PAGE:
Beware of Counterfeit Weight-Loss and Diabetes Medications

Counterfeit Weight-Loss  Meds


Semaglutides, a class of drugs used to treat Type 2 diabetes and obesity, have been targeted by counterfeiters. Novo Nordisk’s Wegovy and Ozempic contain semaglutide and have seen numerous fake versions reported worldwide since 2022, according to the WHO.

In a recent open letter, Eli Lilly expressed deep concern over the increase in online sales and social media promotions of counterfeit or compounded versions of tirzepatide, the active ingredient in their Mounjaro and Zepbound medications. The company emphasized that it is the only authorized supplier of these drugs and does not distribute tirzepatide to compounding pharmacies, wellness centers, or online retailers.

Hundreds of websites are reportedly selling counterfeit Ozempic, and the situation is expected to worsen, according to medical experts. The WHO advises patients to only purchase medications through prescriptions from licensed physicians and to avoid buying from unfamiliar sources.

Lilly reiterated that any product marketed as tirzepatide that isn’t Mounjaro or Zepbound was not manufactured by them and is not approved by the U.S. Food and Drug Administration (FDA). Similarly, Novo Nordisk has previously issued warnings regarding counterfeit versions of their drugs.

Ozempic, Mounjaro, and Wegovy are approved by Health Canada, but the issue of counterfeit drugs remains a significant and growing problem. Experts warn that the demand for these medications will likely continue to fuel the counterfeit drug market, posing serious health risks to patients.

Implications of Counterfeit Drugs

Counterfeit medications are not only ineffective but can also be dangerous. They may contain incorrect doses, harmful ingredients, or no active ingredients at all, leading to severe health risks or even death. Patients relying on these medications for diabetes or weight loss management could face dire consequences if they unknowingly consume counterfeit drugs.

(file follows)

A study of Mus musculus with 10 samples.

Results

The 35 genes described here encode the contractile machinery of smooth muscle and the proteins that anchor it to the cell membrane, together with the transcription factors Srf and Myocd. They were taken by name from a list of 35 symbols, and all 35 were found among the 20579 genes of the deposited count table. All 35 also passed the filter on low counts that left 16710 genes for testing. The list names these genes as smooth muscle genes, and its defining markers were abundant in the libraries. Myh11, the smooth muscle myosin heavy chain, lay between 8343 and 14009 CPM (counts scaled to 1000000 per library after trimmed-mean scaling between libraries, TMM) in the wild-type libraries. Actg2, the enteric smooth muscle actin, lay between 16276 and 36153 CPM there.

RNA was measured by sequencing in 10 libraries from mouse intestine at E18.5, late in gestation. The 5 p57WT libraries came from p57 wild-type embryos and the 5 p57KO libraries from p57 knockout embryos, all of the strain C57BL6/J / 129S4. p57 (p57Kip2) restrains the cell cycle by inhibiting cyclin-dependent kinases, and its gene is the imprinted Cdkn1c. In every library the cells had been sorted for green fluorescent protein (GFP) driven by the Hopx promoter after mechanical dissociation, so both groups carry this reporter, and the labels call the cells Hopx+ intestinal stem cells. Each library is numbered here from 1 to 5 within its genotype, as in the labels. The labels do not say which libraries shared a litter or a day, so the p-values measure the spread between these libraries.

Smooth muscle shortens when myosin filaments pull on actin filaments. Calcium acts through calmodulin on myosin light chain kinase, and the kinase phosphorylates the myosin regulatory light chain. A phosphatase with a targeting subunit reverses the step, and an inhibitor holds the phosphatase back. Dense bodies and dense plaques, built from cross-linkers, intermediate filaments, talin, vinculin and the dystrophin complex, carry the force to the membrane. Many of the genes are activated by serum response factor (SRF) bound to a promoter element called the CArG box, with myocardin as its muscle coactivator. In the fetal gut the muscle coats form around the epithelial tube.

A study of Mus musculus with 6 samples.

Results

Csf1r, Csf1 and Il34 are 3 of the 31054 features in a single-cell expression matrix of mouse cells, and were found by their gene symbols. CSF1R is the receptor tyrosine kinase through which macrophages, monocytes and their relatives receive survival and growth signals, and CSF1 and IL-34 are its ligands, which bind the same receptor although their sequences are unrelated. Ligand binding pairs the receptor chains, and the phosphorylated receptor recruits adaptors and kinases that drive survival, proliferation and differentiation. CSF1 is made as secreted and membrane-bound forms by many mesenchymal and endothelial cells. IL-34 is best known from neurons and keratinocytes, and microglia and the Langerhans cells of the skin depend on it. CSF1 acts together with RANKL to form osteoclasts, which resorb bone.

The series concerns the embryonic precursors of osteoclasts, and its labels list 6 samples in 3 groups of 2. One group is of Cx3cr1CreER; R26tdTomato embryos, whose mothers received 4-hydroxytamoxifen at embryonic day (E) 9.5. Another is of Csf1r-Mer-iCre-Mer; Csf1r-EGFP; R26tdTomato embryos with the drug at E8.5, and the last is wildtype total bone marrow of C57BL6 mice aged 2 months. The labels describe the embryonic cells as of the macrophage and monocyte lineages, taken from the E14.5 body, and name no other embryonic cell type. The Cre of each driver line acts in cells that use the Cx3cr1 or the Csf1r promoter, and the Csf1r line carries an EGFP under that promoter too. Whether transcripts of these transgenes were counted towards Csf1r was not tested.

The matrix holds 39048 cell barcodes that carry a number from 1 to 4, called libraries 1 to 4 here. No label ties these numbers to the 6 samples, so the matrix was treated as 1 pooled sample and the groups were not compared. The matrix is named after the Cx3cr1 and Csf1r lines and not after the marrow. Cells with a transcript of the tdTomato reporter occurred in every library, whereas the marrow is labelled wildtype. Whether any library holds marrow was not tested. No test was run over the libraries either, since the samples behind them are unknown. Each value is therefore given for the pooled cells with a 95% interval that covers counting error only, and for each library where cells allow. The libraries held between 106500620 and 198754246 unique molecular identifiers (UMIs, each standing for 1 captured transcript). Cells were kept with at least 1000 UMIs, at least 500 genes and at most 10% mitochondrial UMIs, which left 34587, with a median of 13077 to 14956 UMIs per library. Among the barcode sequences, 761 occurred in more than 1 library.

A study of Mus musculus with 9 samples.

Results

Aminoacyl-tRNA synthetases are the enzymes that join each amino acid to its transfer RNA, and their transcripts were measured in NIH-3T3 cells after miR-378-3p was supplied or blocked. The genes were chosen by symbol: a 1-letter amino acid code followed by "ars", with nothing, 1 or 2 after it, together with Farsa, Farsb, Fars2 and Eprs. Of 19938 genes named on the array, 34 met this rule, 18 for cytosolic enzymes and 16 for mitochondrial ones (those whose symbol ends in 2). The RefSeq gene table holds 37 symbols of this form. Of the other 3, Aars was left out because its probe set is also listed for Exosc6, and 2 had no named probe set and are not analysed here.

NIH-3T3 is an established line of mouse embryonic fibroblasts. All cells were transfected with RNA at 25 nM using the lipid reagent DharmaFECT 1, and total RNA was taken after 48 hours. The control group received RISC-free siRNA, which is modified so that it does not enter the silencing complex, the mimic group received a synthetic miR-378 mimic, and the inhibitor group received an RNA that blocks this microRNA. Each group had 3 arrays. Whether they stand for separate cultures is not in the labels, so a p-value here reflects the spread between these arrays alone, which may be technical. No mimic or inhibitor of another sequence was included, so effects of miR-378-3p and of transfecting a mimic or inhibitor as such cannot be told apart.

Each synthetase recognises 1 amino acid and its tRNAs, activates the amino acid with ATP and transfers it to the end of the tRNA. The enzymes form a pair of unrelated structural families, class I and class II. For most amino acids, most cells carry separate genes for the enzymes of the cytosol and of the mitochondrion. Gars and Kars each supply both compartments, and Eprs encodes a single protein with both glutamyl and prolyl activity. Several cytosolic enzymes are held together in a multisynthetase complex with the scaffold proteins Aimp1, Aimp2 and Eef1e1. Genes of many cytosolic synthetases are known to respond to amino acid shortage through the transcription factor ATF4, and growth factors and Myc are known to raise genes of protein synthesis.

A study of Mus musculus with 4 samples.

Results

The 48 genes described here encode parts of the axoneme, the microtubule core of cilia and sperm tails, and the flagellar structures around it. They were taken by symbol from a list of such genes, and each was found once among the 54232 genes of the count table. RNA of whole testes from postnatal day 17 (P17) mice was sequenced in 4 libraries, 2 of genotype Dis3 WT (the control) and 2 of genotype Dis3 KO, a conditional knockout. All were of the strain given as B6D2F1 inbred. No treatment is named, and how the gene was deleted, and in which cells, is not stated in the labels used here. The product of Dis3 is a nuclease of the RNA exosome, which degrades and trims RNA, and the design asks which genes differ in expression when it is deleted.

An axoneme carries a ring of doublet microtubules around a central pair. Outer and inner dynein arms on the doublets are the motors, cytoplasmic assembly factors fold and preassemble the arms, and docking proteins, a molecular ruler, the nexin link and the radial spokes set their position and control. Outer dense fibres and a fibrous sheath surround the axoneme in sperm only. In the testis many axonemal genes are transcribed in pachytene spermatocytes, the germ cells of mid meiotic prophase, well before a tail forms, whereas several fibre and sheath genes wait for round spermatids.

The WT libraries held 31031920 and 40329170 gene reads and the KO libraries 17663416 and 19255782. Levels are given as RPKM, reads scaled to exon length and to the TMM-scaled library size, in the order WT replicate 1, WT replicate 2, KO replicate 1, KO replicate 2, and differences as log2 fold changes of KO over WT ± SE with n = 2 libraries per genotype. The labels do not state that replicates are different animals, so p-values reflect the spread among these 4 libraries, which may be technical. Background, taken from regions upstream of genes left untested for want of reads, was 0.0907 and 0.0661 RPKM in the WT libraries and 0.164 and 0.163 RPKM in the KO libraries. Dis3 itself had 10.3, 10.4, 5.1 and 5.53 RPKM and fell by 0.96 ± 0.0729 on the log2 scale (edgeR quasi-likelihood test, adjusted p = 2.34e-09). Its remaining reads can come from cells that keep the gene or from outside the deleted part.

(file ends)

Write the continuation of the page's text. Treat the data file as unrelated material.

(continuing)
Consumer Safety Measures

The WHO and Eli Lilly urge consumers to be vigilant. Patients should:

  1. Purchase from Licensed Pharmacies: Always buy medications from reputable and licensed pharmacies.
  2. Verify Prescriptions: Ensure prescriptions are issued by licensed healthcare providers.
  3. Avoid Online Retailers: Be cautious of purchasing medications online, especially from unverified sources.
  4. Check Packaging: Look for signs of tampering or unusual packaging, which could indicate a counterfeit product.
  5. Report Suspicious Products: Report any suspected counterfeit medications to health authorities.

Future Outlook

The ongoing battle against counterfeit drugs requires global cooperation and stringent measures. Pharmaceutical companies, regulatory agencies, and healthcare providers must work together to safeguard the supply chain and protect patients. Enhanced surveillance, stricter regulations, and public awareness campaigns are crucial in combating the counterfeit drug crisis.

The WHO continues to monitor the situation and collaborate with international partners to address this pressing issue. Patients are encouraged to stay informed and take proactive steps to ensure their medications’ authenticity and safety.